If all goes as planned, tomorrow morning at 6:00 AM my husband and I will be arriving at the hospital with our six year old son for surgery.
This is not major surgery. It is as minor as minor can be. The ENT could probably do this tube surgery with his hands tied behind his back.
But, there is enough risk to my son that they changed the location from an outpatient surgery center, to a main hospital. Plus, it requires general anesthesia and that always makes me nervous. But, more than anything…there’s The Mask.
My boy has developed an extreme dislike for The Mask they use to put him to sleep. He’s terrified of it, because he knows it all too well. This will be his ninth time on an operating table, and sixth time under general anesthesia.
Two years ago, when he was in preschool, a group of firefighters visited his class and when one of them demonstrated a breathing apparatus, my son had a complete meltdown just hearing him breathe through it. He’s that scared.
He doesn’t comprehend the fact that this surgery is no big deal. He’s certainly been through worse. He doesn’t remember having a catheter inserted into his thigh that traveled all the way up to his tiny heart. He doesn’t realize that he stopped breathing in recovery after his tonsils were removed. Or, that he had to stay in the ICU for that surgery because, for him, it was a risky operation. He doesn’t know there were times we didn’t know if he was going to live.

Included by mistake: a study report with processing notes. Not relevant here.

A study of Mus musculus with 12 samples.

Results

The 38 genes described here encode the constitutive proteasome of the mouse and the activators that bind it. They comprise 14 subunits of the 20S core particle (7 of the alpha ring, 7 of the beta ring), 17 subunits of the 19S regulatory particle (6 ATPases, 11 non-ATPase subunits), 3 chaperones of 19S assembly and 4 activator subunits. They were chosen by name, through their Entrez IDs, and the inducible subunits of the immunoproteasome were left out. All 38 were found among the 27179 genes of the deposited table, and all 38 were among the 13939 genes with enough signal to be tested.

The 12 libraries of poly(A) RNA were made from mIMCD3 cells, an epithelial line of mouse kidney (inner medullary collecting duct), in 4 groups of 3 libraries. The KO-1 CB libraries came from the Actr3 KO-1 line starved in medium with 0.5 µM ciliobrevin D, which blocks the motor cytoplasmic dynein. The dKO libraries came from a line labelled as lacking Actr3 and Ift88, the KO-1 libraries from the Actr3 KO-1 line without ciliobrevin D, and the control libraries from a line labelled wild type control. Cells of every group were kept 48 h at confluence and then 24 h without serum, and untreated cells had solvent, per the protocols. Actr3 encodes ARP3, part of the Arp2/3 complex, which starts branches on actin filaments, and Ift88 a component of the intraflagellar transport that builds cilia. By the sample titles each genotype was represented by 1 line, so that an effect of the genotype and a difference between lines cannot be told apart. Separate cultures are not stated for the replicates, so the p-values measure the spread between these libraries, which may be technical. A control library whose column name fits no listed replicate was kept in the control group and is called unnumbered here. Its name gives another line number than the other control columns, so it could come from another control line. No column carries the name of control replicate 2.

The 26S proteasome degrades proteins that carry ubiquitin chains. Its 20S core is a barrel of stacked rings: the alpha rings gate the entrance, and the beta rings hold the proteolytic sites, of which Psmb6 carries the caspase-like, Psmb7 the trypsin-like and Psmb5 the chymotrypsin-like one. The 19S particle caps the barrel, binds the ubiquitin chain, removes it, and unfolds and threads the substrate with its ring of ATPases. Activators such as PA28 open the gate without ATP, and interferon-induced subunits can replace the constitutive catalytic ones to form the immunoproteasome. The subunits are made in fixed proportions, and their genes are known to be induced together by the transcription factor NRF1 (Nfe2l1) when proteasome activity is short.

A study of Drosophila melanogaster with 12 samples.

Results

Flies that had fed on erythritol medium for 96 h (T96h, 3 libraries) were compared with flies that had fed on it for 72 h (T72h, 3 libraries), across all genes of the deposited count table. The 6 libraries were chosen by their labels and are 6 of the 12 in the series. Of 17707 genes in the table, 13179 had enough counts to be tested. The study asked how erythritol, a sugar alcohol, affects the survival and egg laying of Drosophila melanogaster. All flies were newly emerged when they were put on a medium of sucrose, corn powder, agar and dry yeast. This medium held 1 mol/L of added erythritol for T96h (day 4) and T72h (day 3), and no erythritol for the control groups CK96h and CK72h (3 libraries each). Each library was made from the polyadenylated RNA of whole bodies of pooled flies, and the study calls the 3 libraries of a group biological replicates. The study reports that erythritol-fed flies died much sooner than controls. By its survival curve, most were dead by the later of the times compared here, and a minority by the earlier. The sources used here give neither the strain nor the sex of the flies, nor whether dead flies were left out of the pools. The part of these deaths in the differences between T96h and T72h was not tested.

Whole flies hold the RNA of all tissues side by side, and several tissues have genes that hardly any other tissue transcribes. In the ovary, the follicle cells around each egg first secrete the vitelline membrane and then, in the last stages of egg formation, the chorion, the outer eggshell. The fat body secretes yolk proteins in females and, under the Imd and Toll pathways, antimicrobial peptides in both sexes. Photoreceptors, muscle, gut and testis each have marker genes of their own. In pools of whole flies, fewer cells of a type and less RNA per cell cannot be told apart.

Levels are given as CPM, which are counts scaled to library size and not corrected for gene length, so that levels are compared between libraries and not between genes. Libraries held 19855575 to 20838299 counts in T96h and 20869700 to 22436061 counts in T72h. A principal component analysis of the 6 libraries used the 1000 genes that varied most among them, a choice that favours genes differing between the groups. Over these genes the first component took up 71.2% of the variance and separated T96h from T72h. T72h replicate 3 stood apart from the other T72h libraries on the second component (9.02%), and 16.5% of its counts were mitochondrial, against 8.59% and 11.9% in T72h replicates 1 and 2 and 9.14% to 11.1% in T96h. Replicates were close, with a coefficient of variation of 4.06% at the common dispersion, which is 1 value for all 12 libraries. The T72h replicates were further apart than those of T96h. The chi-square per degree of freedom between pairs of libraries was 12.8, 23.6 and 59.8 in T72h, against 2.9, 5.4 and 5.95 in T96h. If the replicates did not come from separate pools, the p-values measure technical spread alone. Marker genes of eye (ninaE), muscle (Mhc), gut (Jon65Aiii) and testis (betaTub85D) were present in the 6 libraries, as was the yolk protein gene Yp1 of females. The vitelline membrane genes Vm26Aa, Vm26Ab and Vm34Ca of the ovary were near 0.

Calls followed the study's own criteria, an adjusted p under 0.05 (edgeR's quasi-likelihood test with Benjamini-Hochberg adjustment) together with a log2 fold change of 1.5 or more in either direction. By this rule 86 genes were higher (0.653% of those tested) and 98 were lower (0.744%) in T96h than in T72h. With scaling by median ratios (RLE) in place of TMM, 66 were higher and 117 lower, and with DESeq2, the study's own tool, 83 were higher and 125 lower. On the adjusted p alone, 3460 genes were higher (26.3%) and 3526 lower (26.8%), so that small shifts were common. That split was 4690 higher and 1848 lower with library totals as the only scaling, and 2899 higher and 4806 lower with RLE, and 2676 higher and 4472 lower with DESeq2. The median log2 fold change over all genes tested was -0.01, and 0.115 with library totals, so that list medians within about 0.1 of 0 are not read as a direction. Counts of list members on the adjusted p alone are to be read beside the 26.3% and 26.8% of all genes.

His only concern is The Mask.
Personally, I’m looking forward to this surgery. His hearing loss is so bad that it’s like we’ve been living with a 90 year old. Everyone walks around yelling all the time, and even with our voices raised he still says, “What?” about 50 times a day. We can even see that he’s starting to read our lips, as if to say, “I’m done trying to listen to you people. I’ll just watch you talk.”
With the exception of the moment when they wheel my son down the hall to the operating room, tomorrow will be a good day. He’ll have a lot less pressure in his ears and his hearing should be better instantly.
Unfortunately for my son, the anesthesiologist won’t let me drive him around in a car until he falls asleep in the back seat, or rock him into a deep slumber. The Mask is unavoidable. And that stupid, little piece of rubber? Well, it breaks this Mommy’s heart.